A hypersensitive immune system can give rise to an allergy. According to the European Centre for Allergy Research Foundation there are around 13 million allergy sufferers in Germany. Most people suffer from a pollen allergy which can manifest in the form of hay fever. However, other allergens can also cause allergy symptoms. For example, there are food allergies to nuts and celery or allergies to house dust. These allergies are included in the same allergy category as hay fever: type I. A type I allergy is the most common form of allergy and is characterised by the fact that people react to the corresponding allergens within an extremely short time.
How an allergy develops is still not fully understood. However, it is clear that the immune system reacts to a harmless substance by activating the defence system. Various cells of the immune system, such as lymphocytes and mast cells, are involved in the allergic process. According to the hygiene hypothesis, the immune system reacts so severely due to the fact that it was not properly trained in childhood. Improved food hygiene, the modern way of life and drugs such as antibiotics ensure that children today rarely come into contact with bacteria, parasites or viruses.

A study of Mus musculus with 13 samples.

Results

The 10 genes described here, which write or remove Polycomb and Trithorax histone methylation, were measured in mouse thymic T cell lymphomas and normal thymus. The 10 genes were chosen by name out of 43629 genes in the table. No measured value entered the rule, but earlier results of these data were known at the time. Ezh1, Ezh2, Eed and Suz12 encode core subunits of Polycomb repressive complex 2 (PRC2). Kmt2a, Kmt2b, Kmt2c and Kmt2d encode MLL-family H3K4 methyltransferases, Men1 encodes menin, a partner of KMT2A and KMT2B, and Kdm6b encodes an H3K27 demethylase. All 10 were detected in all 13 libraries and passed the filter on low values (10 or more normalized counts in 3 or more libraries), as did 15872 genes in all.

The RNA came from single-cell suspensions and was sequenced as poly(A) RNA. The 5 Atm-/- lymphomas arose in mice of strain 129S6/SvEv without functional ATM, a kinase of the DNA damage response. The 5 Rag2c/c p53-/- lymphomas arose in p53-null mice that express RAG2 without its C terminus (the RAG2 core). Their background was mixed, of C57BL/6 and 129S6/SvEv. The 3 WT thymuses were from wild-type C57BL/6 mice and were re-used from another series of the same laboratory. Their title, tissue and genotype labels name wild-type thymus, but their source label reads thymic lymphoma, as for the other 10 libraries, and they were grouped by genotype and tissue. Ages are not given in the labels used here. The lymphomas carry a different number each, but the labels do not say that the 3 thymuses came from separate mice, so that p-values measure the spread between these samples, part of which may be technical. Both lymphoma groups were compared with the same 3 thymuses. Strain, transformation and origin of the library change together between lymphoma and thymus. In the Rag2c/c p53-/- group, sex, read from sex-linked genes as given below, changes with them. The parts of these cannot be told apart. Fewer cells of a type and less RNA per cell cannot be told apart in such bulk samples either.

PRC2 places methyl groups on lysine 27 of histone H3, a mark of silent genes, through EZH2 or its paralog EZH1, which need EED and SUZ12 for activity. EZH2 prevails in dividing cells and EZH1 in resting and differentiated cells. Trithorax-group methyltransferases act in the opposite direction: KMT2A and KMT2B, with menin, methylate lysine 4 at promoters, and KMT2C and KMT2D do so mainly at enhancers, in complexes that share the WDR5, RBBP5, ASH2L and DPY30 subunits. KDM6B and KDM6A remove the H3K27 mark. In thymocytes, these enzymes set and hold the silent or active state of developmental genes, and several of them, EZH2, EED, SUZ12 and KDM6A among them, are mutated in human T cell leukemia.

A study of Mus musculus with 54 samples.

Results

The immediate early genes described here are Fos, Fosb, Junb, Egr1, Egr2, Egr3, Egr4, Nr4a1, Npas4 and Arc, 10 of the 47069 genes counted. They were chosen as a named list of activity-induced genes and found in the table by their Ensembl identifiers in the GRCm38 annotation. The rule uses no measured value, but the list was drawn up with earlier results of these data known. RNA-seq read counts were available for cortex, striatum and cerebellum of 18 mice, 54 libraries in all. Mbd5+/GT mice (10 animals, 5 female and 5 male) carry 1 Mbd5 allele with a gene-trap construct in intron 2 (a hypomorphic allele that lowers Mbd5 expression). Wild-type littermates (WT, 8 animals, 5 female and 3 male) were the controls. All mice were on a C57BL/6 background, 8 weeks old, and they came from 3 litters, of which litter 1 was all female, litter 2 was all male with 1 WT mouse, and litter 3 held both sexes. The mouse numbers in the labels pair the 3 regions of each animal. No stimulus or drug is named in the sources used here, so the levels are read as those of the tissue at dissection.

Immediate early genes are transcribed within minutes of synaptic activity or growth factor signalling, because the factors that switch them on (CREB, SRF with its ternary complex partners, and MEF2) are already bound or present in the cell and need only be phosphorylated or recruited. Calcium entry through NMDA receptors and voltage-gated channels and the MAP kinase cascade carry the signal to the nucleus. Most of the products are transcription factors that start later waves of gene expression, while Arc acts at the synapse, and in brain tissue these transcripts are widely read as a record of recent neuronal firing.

However, gut flora also play a role. On the one hand, the intestinal mucosa forms a barrier between the outside world and the inside of the body. If the intestinal mucosa cannot perform this barrier function due to inflammatory processes or bowel disease, undesirable substances pass through the leaky gut into the blood stream. If the intestinal mucosa has holes, this is referred to as leaky gut syndrome. Present allergies can worsen or new allergies can develop due to this. On the other hand, if the composition of the gut flora is not right more histamine is produced.
Histamines promote allergic responses. Histamines from the diet also have this effect with the result that allergy sufferers should avoid foods containing histamine such as salami, red wine, sauerkraut, cheeses that have matured for a long time, mould cheese and tuna fish.
However, the response of the immune system is influenced not only by the gut, but also the psyche. Stress and other psychological factors may trigger or worsen allergic symptoms if there is an allergic Disposition.